With all the turmoil in the world right now, I have been approached with questions regarding rights of individuals and business owners. I recently wrote a letter to all residents of Utah outlining my thoughts on business owners’ rights to run their businesses. I have included excerpts from that letter below. The full letter can be viewed on the “We Are Essential” section of my website: http://www.integralaw.net
Utah is in a financial crisis right now because of our national, state, and local responses to COVID-19. Utah is also facing a freedom crisis because of the unilateral and arbitrary restrictions of essential liberty. The Declaration of Independence explains that we “are endowed by [our] Creator with certain unalienable Rights, that among these are Life, Liberty and the pursuit of Happiness.” Our government does not give us rights and does not have power to take them away. The Declaration of Independence also outlines that the purpose of government is “to secure these rights” and that governments “deriv[e] their just powers from the consent of the governed.” COVID-19 is not the only threat to life. Have we considered the unintended consequences of forcibly shutting down businesses and implementing stay at home orders? These government actions have created irrational fear and increased stress. Is life without liberty the quality of life we desire? Patrick Henry’s well- known statement “give me liberty or give me death” encapsulates the American belief that liberty is essential to purposeful life.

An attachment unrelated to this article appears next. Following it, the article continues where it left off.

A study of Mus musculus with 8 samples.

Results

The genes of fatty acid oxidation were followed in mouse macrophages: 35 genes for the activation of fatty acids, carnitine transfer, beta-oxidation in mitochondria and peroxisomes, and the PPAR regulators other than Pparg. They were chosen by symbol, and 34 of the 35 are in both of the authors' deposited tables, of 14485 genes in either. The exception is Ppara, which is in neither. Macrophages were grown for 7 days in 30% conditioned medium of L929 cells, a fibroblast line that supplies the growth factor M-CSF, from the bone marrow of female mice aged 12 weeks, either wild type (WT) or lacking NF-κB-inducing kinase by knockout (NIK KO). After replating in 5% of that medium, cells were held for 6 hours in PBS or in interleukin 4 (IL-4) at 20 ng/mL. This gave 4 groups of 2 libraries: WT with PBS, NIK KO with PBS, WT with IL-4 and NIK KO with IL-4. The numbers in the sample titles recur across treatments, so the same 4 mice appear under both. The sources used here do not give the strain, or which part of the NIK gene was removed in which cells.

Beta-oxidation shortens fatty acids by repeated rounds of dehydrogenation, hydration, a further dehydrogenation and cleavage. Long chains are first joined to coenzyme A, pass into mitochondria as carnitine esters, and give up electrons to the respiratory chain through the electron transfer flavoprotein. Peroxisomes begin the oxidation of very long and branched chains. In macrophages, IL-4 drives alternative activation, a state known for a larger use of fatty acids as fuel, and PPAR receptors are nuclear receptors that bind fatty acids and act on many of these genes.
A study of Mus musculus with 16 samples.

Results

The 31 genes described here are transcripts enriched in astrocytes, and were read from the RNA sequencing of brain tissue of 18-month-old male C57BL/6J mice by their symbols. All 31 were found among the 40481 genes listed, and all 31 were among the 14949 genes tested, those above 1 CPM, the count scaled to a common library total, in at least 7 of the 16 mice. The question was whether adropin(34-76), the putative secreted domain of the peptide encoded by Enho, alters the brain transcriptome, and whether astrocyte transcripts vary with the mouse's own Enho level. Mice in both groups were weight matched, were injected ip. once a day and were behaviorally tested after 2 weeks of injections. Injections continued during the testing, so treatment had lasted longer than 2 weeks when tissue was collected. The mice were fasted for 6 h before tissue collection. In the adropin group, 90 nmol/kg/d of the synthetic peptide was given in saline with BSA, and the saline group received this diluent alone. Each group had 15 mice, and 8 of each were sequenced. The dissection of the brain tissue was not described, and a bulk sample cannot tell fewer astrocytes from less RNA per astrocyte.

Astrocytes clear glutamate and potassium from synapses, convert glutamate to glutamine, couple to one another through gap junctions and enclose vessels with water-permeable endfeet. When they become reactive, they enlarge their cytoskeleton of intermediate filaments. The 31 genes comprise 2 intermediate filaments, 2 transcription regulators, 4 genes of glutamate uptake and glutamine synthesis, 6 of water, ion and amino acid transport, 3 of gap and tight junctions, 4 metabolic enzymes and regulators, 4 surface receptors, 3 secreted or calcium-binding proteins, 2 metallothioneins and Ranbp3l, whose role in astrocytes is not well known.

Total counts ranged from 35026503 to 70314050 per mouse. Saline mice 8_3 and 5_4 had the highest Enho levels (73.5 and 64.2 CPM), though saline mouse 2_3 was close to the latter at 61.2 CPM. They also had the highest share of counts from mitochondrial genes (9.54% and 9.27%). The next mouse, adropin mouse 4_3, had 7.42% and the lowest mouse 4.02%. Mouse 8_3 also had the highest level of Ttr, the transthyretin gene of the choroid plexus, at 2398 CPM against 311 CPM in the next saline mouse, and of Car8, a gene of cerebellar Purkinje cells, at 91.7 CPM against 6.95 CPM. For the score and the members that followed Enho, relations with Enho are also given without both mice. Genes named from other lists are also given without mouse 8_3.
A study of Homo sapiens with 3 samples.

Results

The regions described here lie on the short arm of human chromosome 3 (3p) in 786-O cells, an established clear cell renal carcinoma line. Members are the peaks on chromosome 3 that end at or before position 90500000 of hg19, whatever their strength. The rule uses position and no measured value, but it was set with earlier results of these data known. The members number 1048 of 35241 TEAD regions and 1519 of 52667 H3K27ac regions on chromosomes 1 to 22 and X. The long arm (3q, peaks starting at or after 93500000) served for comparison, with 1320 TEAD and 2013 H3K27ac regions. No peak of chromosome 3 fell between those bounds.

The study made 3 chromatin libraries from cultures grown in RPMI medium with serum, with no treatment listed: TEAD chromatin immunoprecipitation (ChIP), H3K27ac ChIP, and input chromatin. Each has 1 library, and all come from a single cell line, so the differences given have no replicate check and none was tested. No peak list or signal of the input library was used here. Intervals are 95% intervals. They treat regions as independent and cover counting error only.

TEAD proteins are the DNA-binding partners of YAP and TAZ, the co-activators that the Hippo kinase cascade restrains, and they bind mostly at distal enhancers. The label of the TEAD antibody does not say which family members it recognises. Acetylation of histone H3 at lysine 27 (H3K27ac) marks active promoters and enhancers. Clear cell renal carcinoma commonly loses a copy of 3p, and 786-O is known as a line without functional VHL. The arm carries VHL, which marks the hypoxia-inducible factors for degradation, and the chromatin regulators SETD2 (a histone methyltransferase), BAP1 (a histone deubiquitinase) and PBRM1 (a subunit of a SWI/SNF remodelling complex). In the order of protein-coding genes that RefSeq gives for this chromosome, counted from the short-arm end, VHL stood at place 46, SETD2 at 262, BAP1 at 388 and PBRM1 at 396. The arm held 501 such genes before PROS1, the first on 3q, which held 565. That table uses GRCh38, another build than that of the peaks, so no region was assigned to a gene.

Small Business Owners, the ones hit hardest by these actions, employ 48% of the workers, generate 44% of economic activity, and generate 50% of GDP for our country. They are not just important to our economy; they are vital to our economy. Opening businesses would not force any person to patronize businesses. Rather, it allows the conscious exercise of liberty by giving people the opportunity to weigh and manage their own risk. Business owners have the right to run their businesses under the Fourteenth Amendment to the Constitution and Title 18 Section 242 of the United States Code.
I hope that people will learn about their rights and foster a spirit of cooperation, not conflict. I understand that there will be many who deal in the extremes of freedom and security. My hope is that business owners will exercise their rights appropriately while being responsible citizens. Business owners have the freedom to open their doors and people have the freedom to patronize those businesses. If business owners choose to refine their normal processes of providing service to accommodate the concern over COVID-19, it is likely that people will be more willing to engage with the business because it will be easier for the customer to weigh and manage the risk.